302 Aquaponics setting its roots after COVID-19


DOVER — If a foreign pathogen were to get inside the production systems of 302 Aquaponics in north Dover, the food-growing business could collapse — but when a virus infected the entire world, it meant that the futuristic farm’s owners had to work harder and get creative.

To go inside the production facility at 302 Aquaponics on Simms Woods Road near U.S. 1, visitors must wash their hands and walk through a disinfecting shoe bath to make sure no dangerous foreign biological entities infect its facility.
In a large greenhouse, the company — owned by Doug and Katie Wood — grows multiple types of organic lettuce and tilapia in a self-contained system. The fish live at one end of the growing space. The water that they live in circulates out to large tanks where different varieties of lettuce grow. The lettuces are planted into holes in floating structures that provide support and allow their roots to reach into the nutrient-rich water.

As the plants mature and are harvested, the floating beds are pushed forward to make room for new seedlings.

The couple – both former educators — started their venture about three years ago.

“We had our first viable product come off three weeks before (COVID-19) hit. Our original business plan was to sell to restaurants and to schools. Clearly, that needed to change. We kind of ducked and weaved our way through (COVID-19),” Katie Wood said.

Part of the 302 Aquaponics’ ducking and weaving was working on finding new customers and getting creative with where and what they sold.

“Doug would go out in the van and make deliveries in neighborhoods until we got a big enough base where we could set up times and places for stops. We got into farmer’s markets. That we never expected to do,” Ms. Wood said.

The food producer expanded to service and to attend farmers markets throughout the First State. When it was time to begin harvesting their fish, they found a producer in Philadelphia to process their product for them. The couple will also sell some of their nutrient-rich water for gardeners.

They expanded their website and opened their lobby to single-person sales.

“We had to get creative and think outside of the box. What else can we do? What are our options? What other markets are available? We are now delivering to offices,” Ms. Wood said.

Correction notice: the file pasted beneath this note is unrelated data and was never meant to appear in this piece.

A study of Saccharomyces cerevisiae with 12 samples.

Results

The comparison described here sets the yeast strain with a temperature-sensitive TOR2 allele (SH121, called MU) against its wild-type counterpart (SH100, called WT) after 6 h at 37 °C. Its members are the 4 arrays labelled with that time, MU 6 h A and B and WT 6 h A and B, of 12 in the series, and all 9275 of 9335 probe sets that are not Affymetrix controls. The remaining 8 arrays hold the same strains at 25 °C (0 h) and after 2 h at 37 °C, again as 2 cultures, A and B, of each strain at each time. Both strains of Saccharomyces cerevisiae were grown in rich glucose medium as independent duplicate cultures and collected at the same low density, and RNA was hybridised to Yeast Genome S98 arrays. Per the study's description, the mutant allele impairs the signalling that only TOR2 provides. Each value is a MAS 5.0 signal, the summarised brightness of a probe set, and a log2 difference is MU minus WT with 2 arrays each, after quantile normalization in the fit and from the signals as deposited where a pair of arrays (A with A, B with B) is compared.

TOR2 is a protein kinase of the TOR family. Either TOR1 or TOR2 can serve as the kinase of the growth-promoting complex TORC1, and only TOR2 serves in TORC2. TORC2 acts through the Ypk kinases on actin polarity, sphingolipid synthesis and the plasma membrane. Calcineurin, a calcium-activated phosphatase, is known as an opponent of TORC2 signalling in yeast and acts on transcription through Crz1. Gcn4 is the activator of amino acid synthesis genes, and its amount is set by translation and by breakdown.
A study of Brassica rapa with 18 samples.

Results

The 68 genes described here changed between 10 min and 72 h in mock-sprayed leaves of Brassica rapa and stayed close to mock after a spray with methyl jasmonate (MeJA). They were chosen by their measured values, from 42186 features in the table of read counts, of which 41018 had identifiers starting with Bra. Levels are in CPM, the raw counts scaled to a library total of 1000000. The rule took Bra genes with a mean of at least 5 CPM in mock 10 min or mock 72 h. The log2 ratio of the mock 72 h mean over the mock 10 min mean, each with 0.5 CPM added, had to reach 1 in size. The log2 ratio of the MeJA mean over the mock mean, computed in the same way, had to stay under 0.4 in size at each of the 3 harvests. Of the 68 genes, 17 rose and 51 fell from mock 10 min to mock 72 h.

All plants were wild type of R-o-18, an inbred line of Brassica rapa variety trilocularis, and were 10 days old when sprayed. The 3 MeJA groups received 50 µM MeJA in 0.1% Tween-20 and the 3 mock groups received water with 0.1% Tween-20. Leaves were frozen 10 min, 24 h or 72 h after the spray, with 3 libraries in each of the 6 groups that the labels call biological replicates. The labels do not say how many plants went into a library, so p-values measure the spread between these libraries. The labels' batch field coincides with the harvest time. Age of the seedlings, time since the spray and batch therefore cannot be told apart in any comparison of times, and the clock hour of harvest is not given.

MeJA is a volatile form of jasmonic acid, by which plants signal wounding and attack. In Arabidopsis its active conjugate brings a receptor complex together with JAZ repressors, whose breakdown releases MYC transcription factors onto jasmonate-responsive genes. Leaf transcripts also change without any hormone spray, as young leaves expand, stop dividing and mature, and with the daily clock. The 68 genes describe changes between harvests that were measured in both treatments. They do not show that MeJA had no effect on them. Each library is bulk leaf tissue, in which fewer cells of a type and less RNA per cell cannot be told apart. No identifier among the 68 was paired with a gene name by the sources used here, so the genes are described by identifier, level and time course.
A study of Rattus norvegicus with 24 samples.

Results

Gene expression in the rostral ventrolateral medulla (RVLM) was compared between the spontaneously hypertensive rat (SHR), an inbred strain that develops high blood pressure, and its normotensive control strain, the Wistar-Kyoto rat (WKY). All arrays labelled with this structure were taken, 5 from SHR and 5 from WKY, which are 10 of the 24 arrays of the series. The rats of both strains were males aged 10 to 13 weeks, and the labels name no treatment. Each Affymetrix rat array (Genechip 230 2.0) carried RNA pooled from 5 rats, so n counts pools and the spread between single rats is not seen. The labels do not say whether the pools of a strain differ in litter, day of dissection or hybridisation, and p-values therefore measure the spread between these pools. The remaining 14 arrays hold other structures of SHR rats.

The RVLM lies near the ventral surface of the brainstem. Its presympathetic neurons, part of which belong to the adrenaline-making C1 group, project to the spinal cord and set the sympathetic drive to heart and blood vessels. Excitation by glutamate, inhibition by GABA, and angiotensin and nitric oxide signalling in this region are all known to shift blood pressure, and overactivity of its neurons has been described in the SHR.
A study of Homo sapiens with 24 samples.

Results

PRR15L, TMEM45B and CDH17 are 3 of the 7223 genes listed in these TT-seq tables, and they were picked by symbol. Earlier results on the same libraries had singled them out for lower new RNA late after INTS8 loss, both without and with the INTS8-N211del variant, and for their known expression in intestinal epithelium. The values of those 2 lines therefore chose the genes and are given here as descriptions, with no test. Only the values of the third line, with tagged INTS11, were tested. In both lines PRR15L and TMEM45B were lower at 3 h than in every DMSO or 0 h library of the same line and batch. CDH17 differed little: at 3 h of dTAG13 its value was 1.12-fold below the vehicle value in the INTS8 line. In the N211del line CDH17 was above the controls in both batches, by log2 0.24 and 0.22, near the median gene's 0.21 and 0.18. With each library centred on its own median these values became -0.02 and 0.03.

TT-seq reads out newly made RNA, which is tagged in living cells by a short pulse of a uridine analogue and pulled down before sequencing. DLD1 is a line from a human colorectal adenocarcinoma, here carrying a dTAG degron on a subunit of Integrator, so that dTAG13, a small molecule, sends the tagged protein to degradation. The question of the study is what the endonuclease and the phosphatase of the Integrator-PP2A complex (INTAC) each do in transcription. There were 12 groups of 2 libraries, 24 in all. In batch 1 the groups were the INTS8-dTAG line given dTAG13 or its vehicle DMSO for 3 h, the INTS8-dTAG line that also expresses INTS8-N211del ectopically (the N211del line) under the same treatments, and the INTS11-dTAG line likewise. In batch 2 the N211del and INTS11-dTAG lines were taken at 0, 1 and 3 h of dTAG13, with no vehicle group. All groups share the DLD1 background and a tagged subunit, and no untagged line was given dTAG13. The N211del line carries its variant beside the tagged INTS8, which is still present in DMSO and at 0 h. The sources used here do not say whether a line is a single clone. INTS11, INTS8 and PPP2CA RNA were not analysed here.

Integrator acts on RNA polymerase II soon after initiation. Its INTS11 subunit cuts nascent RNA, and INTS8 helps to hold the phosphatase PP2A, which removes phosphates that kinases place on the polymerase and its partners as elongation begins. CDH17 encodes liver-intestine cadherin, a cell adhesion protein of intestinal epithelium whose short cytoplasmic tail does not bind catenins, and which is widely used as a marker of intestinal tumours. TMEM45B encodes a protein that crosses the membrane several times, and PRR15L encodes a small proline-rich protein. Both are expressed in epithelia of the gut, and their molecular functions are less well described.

Now local customers that want fresh lettuce delivered to their work just have to contact 302 Aquaponics and setup a time.

“If you want to schedule once a week lettuce orders that are pre-ordered, we’ll bring it to your office,” she said. “You can have it at the office or take it home and have your lettuce for the week.”

Though students weren’t in many schools throughout the pandemic, 302 Aquaponics was able to service some districts during the COVID-19 shut down.

“We did get back into schools during (COVID-19) when they had to start feeding their communities. That kept us going,” Doug Wood said.

Starting a business just before a global pandemic began forced the Woods to adapt and move into new areas. Though hard, the work seems to be paying off.

“We’ll go through periods of darkness and then we won’t have enough product to sell,” Mr. Wood said. “I think this fall we are in a much better place than we were last year. Last year, the schools weren’t even sure they would go back.”

The lessons the duo learned from the pandemic are helping them with new challenges that other businesses are facing, like the rising cost of supplies.

“The prices of fish food went up $400 this month. That’s the ebb and flow of it. It’s been a lot more stressful than I thought,” Mr. Wood said.

Another way 302 Aquaponics’ owners are ducking and weaving through the effects of the global pandemic is embracing agrotourism.

Their facility sits on land that offers space for special events and private gatherings nestled between their greenhouse facility and some conventional agriculture efforts.

The Woods have hosted a couple of events and are hoping to do more in the future.

“We really feel like ag-tourism is where people are interested in. They are feeling a bit back to their roots and wanting to get out and do some different things,” Ms. Wood said.

They currently offer tours, and field trips for large schools and small groups for a fee. They also offer consulting services to someone thinking of starting their own business, the Woods and their staff are available to help.

“We don’t have a lot of indoor space, but we do have the grounds,” Ms. Wood added.

For more information on 302 Aquaponics, to purchase their products, set up drop off location or plan a field trip or event visit or call 302-632-1069.